Slippedisc comfort zone (4): Ever since that day

Slippedisc comfort zone (4): Ever since that day


norman lebrecht

April 17, 2021

Possibly my favourite French opera aria, and certainly Gustav Mahler’s. The opera is the ultimate evocation of Paris in lyric theatre.

It’s Charpentier’s grand opera Louise.



  • Greg Bottini says:

    Three lovely performances, although Callas, of course, reigns supreme.

    • Meal says:

      Tastes differ. I myself prefer the voice of Ms Dreißig in this song. Luckily, there are a couple of recordings of the piece so that everybody will find a version which fits to his/her taste.

  • Leo Doherty says:

    I can’t believe I’ve not heard this aria before. Where have I been. Stunning. Thank you for sharing.

  • Volpe says:

    It is THE BEST. Bravo. Particularly the Kathy Battle recording with Margo Garrett. Although with piano, there’s a reason it won the 1992 Grammy, Live from Carnegie Hall recital!

  • Eric says:

    Another exquisite version by an almost forgotten American soprano. Everything she sang was inspired.

  • Norman, you are so right. A masterpiece. I spent last summer listening to everything I could by Charpentier. His student works, and the sequel to “Louise,” “Julien” (which is a disappointment.) I even won 78’s at auction of Charpentier conducting the music of “Louise” for gramophone. I also watched the Abel Gance film of the opera. There is a lot of “Louise” to be heard in the early works, and it echoes throughout “Julien.” Following this aria, Paris itself becomes a vibrant, motivating character of the opera in the guise of the chorus and smaller roles. This is a bold, still modern work in subject, music and Charpentier’s own libretto. It touches on many issues, almost like a Zola novel. (Can you think of another opera that considers the impact of urban sprawl?) “Louise” is an opera with a huge appetite that it self-satisfies.

    • Louis says:

      Yes, Depuis le jour is a neat turn in (the lesser) Charpentier’s roman musical, but it arrives after 300 years of French opera history and seems a bizarre choice for “favorite aria” considering the vast and rich output of Lully, (the great) Charpentier, Rameau, Berlioz, Fauré, Massenet and a dozen others.

  • pastore says:

    Give a listen to Eleanor Steber singing this.

  • Greg Bottini says:

    “Possibly my favourite Frenc opera aria”….
    Ya gotta love the Frencs!

  • BRUCEB says:

    Lovely version featuring the young Leontyne Price, starring the young Tilda Swinton and Amy Johnson as her older self:

    And (IMHO) a stunning version with Renée Fleming, conducted by He-Who-Must-Not-Be-Named, from the 1996 25th Anniversary Gala at the MET:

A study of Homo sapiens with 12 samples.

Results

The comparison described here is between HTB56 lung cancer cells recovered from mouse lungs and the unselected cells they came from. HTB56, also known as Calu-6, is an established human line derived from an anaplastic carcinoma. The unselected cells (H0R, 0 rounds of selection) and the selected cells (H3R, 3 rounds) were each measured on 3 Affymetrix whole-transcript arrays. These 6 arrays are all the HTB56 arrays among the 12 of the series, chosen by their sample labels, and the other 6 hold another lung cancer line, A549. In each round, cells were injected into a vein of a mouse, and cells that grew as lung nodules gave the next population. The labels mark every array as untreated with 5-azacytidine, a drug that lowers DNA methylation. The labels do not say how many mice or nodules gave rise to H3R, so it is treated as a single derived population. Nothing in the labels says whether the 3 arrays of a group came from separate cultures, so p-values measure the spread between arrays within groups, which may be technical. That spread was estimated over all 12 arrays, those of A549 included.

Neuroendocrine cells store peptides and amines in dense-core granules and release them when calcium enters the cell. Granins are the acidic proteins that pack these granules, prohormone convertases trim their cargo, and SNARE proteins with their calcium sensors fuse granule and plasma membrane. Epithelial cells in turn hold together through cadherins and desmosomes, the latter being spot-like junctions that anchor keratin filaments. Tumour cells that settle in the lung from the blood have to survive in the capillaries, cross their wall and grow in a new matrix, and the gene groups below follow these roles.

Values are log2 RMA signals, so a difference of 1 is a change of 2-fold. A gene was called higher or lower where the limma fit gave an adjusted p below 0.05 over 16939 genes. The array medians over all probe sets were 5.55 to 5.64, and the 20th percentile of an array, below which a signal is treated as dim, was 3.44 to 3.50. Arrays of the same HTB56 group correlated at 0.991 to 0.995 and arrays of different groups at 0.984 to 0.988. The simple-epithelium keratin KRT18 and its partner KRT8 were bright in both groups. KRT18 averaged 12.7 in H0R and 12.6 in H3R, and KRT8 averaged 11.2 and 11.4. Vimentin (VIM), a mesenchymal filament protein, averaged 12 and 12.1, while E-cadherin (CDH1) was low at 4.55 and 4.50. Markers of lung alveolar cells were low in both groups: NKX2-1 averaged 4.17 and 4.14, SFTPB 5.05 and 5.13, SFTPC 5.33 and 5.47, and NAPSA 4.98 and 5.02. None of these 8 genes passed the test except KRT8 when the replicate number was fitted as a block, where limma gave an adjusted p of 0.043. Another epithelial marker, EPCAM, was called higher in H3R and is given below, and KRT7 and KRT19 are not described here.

• AndrewB says:

    A very special aria indeed. An evocation of young love and La Belle Epoque. There are so many fine recordings including the remarkable one by Eleanor Steber.

  • Novagerio says:

    Try Caballé.

    • BRUCEB says:

      I did. Impeccably and beautifully sung, of course… but after awhile, I got the feeling that she was telling the story of a soprano whose floating pianissimo high notes were the stuff of legend, rather than the story of a young woman in love.

  • Pedro says:

    I remember a wonderful production by André Egel at the Bastille in 2007. Delunch, Henschel, Groves and van Dam were the singers and Cambreling the conductor, but the real star for me was the producer.

  • E says:

    Never would I have thought about Mahler in connection with this lovely, but now I will! Thank you, NL, for opening yet another door,
    by posting these.

  • SlippedChat says:

    I had not previous heard, or even heard of, Elsa Dreisig. My misfortune. I’ve listened to that video several times during the course of the day, such is the pleasure of hearing her. What a lovely voice, and lovely stage presence. I will look forward to more good things from this singer. Thank you, Mr. Lebrecht.

  • Diane Valerie says:

    I think this performance also nails the essence of this lovely aria:

  • Jan Kaznowski says:

    Re: the Mahler link – some guy at University of Washington wrote about the influence of ‘Louise’ on the composition of Mahler VI

  • Edgar Self says:

    Dreisig is a discovery, and all of the others good to hear. I don’t go quite as far back as Nellie Melba or Edith Mason, but think I first heard “Depuis le jour” on a record by Grace Moore. Charpentier is type-cast and could be a French painter were he not a composer.